Those who have been given a trust must prove faithful
1 Cor 4:2
Trust is relationship glue. The depth and strength of any relationship is inextricably linked to the trust between the people in it. As trust builds, so does the relationship. As trust declines, so does the relationship.
Remember that relationships are like soil; they need to be cultivated and kept free from weeds. So, we must do all we can to never let the weed of ‘mistrust’ take root in our relationship soil.
Every small lie, little deception or half-truth is a little ‘weed’ of mistrust. And their roots quickly spread and become more entangled if allowed to continue unchecked.
The ‘weed’ of mistrust has only one remedy: the ‘feed’ of ‘being trustworthy’. And that can take a long time to demonstrate, so we sometimes try and fix mistrust in other unhelpful ways. Let me explain:
- It is not a ‘promise’ issue. The answer to mistrust is not found in promising, ‘I will never to do it again’ or ‘You can trust me from now on’. The only answer is to BE trustworthy over a period. Words are meaningless when trust is eroded.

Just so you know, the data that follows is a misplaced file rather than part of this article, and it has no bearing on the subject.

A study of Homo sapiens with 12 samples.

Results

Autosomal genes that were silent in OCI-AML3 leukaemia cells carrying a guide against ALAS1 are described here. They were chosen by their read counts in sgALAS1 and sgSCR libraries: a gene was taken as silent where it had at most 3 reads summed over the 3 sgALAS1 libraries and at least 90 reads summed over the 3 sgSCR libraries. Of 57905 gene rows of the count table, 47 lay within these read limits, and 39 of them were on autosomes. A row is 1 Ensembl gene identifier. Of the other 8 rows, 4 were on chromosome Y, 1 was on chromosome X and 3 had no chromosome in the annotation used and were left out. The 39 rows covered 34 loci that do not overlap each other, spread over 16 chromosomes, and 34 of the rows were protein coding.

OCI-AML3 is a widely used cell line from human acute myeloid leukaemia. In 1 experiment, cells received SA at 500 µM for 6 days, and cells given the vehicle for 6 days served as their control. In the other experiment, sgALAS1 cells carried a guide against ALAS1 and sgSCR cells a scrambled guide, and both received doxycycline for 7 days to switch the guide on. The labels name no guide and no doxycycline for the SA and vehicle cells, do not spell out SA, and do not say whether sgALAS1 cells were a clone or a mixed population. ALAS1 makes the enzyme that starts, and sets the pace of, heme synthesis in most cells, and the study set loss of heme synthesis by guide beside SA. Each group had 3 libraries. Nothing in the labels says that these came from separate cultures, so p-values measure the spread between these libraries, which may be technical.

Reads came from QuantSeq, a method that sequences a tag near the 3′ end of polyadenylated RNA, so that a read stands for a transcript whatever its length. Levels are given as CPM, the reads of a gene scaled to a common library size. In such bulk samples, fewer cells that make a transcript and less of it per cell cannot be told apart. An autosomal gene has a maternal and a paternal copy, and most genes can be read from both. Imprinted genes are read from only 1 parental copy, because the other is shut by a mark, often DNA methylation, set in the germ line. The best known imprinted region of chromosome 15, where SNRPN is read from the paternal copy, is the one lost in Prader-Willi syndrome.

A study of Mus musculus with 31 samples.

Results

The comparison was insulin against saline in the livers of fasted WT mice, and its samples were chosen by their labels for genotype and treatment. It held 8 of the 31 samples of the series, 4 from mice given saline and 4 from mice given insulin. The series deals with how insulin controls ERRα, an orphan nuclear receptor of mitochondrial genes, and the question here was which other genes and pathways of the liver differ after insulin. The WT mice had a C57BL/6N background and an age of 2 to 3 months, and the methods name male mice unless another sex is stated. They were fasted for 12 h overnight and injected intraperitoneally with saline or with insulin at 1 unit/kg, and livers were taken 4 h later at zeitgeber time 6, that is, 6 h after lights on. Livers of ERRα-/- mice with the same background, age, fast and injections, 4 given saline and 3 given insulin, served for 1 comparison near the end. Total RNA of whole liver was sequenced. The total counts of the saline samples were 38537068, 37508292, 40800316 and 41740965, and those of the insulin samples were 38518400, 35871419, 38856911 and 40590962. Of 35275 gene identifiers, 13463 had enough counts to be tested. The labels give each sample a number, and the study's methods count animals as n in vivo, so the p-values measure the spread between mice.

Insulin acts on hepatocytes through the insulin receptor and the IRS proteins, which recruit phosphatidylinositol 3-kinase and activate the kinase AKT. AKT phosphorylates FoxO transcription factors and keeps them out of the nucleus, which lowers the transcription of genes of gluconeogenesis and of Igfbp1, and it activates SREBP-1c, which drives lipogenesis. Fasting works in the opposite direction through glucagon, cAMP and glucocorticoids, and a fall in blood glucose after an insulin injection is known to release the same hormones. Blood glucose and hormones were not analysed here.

- It is not a ‘love’ issue. It is no good saying, ‘If you really loved me, you would trust me again’. That will never remove the ‘weed’ of mistrust. We all love people we do not trust – like our children for example! We love them but don’t always trust their judgement or ability to handle certain tasks. It is, in fact, foolish to trust a person who does not deserve to be trusted. You can still love someone but not trust them in certain things. Only as they demonstrate trustworthiness over time will that be recovered.
- It is not a ‘forgiveness’ issue. ‘If you had really forgiven me, you would trust me again’, many a guilty party has protested. But this is also faulty thinking. Forgiveness does not immediately take the relationship back to where it once was. A willingness to forgive is crucial to the health of any relationship. But just as you can love someone and still not completely trust them, so you can forgive a person and not fully trust them. And again, it would be folly to do so.
The only true remedy for mistrust is to BE trustworthy. So, get yourself a reputation for being totally trustworthy by proving yourself worthy of the trust people give you.